During a period of five years, my wife and I slowly remodeled our home in Vermont. We did whole-house projects before we even lived in the house, and now we’re down to painting the last unfinished bedroom.
We’re in Zone 6 and we have 7,771 heating-degree days (base 65 F). We burn gas in our household for hydronic baseboards. When we first started remodeling, we focused on energy-saving features. We blew in closed-cell foam. We installed 36 Energy Star windows and added a layer of insulation under the new roof. Today, the house, which had not been improved upon since it was built in 1894, burns half as much fuel as when we bought it.
Out of curiosity, I inquired locally about a rooftop solar photovoltaic system, which I was thinking of linking to a new ground-source geothermal heat pump. Could I get off petroleum and leave the grid, which draws most of its energy from Canadian hydro sources? I learned the ground-source geothermal heat pump system would run around $30,000, in addition to $20,000 to put up enough rooftop solar to power the heat pump’s compressors. (We are in a cloudy area and I’d need batteries.) Even with the rooftop solar, I’d still likely have to tap into the grid to kick over the 40-amp geothermal compressors.
At 5 percent bank rates throughout 30 years, that $50,000 price tag would cost $270 a month ($3,240 a year), minus the deductibility and the state and federal tax credits. It’s more than I pay for my gas bill now. But my gas payments are in cash, and I don’t have to sop up so much credit nor assume debt to pay the gas company.
I cost-out these energy solutions because of some information I learned from Robert Bryce’s book, Power Hungry: The Myths of ‘Green’ Energy and the Real Fuels of the Future. As glamorous as solar and wind are, you have to ask whether those systems can deliver a meaningful contribution to our grid or energy reserves. That has to be seen in light of how much energy it takes to manufacture the alternative generators and how much land is required to make them work.
Bryce points out that California’s peak electricity demand is about 52,000 megawatts. By 2020, around 17,000 megawatts of that soon will have to come from renewable sources by law. The new California-based $2 billion, 5.5-square-mile Ivanpah solar plant will provide 370 of those megawatts. That’s $2 billion to produce 0.02 percent of the total required renewables.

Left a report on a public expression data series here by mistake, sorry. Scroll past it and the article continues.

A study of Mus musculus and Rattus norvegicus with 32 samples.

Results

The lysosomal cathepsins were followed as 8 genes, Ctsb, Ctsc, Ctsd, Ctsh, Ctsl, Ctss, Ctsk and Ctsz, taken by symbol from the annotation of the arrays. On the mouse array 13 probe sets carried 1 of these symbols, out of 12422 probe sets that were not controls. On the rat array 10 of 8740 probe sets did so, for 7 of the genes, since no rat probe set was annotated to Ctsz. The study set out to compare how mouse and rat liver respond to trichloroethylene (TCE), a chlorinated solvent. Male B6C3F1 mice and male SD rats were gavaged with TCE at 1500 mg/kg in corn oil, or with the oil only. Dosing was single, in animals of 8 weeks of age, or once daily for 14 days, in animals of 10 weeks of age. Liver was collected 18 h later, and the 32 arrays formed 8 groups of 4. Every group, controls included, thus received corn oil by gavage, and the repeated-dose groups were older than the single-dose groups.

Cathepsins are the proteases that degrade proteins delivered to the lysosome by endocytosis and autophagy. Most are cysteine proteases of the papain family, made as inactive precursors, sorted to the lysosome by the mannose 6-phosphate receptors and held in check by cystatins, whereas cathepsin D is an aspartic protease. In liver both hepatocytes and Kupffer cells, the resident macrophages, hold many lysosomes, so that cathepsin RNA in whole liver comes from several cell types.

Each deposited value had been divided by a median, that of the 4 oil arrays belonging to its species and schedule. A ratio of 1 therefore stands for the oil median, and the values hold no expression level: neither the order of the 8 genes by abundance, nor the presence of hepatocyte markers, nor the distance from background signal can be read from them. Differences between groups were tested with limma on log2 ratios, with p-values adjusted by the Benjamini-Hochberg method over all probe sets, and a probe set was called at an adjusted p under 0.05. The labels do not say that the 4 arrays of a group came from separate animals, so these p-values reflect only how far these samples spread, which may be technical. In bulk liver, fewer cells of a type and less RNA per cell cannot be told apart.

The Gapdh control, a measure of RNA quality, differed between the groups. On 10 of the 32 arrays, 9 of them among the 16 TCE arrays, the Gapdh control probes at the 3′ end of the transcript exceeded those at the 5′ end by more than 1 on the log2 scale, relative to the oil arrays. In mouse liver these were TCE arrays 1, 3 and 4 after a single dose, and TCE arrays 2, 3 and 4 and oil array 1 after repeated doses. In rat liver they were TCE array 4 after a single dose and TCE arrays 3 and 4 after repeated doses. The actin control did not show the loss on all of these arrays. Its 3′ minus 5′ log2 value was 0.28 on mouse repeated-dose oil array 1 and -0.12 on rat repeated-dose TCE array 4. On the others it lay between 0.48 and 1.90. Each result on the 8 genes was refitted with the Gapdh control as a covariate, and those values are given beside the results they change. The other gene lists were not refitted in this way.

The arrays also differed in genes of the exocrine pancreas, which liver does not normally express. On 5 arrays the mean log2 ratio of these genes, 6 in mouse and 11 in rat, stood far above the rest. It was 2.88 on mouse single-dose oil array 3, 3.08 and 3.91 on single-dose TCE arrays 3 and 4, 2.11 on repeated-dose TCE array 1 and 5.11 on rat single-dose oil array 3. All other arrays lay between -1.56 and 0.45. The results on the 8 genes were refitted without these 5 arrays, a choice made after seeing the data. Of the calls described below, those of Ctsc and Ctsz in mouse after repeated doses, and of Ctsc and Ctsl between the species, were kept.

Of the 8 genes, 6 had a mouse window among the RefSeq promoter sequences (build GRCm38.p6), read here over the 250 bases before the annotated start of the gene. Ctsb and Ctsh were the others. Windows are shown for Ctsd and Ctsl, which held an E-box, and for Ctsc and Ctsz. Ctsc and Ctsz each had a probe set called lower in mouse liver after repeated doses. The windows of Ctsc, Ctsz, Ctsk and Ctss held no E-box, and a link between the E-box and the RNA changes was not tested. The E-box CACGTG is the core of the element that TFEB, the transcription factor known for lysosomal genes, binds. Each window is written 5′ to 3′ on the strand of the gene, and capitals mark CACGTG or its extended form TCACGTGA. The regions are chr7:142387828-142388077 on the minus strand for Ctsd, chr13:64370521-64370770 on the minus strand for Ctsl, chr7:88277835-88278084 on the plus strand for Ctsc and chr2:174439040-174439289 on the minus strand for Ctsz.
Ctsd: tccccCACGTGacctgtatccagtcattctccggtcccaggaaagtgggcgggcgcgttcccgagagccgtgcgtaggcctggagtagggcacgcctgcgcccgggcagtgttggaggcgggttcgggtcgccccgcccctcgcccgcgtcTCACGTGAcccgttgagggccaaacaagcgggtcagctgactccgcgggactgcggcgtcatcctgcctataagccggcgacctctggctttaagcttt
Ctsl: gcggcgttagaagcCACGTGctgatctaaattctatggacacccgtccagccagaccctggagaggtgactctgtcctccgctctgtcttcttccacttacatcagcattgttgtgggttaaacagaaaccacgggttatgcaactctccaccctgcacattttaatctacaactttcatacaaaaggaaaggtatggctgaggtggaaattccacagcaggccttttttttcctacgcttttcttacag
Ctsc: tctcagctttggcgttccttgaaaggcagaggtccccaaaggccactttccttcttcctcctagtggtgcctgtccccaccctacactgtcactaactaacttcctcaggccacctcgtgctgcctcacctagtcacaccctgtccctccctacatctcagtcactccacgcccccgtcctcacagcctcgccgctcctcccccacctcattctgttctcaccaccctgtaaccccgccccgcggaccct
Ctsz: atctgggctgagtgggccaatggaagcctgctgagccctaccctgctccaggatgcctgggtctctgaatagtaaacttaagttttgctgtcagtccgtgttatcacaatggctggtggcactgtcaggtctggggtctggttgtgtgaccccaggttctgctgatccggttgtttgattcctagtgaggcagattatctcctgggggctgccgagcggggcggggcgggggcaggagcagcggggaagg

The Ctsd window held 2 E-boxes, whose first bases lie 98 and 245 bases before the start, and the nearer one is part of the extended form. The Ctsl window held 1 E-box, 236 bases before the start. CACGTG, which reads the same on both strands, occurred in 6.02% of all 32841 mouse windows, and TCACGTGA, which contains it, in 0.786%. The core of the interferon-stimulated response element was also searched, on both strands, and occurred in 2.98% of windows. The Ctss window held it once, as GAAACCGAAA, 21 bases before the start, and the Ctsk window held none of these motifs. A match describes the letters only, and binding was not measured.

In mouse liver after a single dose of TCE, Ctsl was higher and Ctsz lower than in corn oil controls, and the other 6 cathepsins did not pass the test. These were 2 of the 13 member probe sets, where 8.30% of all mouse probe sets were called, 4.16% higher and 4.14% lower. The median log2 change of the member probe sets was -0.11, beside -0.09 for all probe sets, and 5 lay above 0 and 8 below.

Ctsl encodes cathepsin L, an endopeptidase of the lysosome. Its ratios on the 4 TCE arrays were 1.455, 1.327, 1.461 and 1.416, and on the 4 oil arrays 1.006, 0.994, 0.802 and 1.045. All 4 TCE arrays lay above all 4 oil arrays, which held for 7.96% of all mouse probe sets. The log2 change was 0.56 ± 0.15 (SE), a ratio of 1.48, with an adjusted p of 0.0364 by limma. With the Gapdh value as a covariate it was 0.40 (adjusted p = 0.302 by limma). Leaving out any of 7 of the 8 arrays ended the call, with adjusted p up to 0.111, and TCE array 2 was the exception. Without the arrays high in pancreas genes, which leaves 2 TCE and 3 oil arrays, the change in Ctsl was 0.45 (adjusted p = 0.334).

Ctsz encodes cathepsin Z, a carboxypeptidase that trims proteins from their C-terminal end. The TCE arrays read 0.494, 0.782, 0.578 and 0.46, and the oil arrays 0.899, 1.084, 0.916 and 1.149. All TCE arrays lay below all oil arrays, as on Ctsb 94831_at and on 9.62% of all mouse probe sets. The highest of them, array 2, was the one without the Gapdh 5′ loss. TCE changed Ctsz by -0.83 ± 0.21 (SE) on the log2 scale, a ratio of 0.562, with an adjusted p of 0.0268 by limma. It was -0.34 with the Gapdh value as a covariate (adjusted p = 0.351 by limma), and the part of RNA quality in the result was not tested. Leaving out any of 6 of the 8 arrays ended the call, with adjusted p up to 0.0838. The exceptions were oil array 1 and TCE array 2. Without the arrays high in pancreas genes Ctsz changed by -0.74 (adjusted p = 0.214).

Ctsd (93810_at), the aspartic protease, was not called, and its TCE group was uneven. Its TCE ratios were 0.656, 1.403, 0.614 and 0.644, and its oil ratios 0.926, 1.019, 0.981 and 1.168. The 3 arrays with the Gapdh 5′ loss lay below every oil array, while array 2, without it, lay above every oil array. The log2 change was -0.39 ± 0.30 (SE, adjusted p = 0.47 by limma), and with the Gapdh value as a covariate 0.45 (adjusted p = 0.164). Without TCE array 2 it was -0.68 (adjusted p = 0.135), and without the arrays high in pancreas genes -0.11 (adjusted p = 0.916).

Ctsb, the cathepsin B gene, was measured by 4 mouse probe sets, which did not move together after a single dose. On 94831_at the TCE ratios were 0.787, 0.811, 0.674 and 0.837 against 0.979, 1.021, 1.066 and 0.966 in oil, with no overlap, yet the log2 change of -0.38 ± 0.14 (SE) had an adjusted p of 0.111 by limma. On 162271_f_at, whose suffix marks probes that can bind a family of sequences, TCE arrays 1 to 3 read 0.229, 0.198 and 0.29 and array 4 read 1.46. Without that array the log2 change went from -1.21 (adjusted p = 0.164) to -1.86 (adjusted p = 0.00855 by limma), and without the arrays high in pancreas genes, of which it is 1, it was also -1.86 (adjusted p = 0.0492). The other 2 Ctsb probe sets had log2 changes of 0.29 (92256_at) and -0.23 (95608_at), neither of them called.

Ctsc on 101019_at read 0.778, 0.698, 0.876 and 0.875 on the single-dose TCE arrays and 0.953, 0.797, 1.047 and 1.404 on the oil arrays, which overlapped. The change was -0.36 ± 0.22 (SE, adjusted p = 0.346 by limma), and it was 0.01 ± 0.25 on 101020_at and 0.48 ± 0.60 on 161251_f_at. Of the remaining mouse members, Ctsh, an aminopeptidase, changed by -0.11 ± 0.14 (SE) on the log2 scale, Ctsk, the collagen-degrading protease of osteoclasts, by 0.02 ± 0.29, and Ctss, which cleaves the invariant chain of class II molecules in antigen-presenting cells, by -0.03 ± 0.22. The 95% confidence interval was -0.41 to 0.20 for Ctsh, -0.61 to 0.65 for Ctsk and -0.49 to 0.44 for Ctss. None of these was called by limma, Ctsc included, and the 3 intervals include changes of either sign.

What’s the answer? It’s reducing overall energy demand through practices, like balanced weather barriers, insulation systems, efficient windows and—in my view—efficiently burning domestic gas with high-efficiency appliances. But reducing demand will not come from uncoordinated volunteer efforts like mine. Stricter government regulation of the energy performance of a structure is, in part, what’s required to solve our energy-consumption problems, which are very real and only will get more costly.
The 2012 implementation of the proposed International Code Council’s International Energy Conservation Code (IECC) is a good start. Its goal is a 30 percent incremental energy savings compared to the 2006 IECC. The 2012 IECC approach is ideal because it focuses on thermal-envelope performance, which is the keystone to any energy-efficient future. As a companion to the IECC regulations, we have seen a dramatic rise in innovative green-energy products and very efficient HVAC units, which will only get better because the competition is so fierce and the concern to save money (and maybe the Earth and ourselves) is so real.
I’m all for solar and wind solutions, and the more innovation the better. For instance, hyper-low-friction, rooftop mag-lev wind holds promise. But solar and wind have to be seen in the unglamorous light of their embodied energy and how much they can realistically and cost-effectively contribute to our energy future.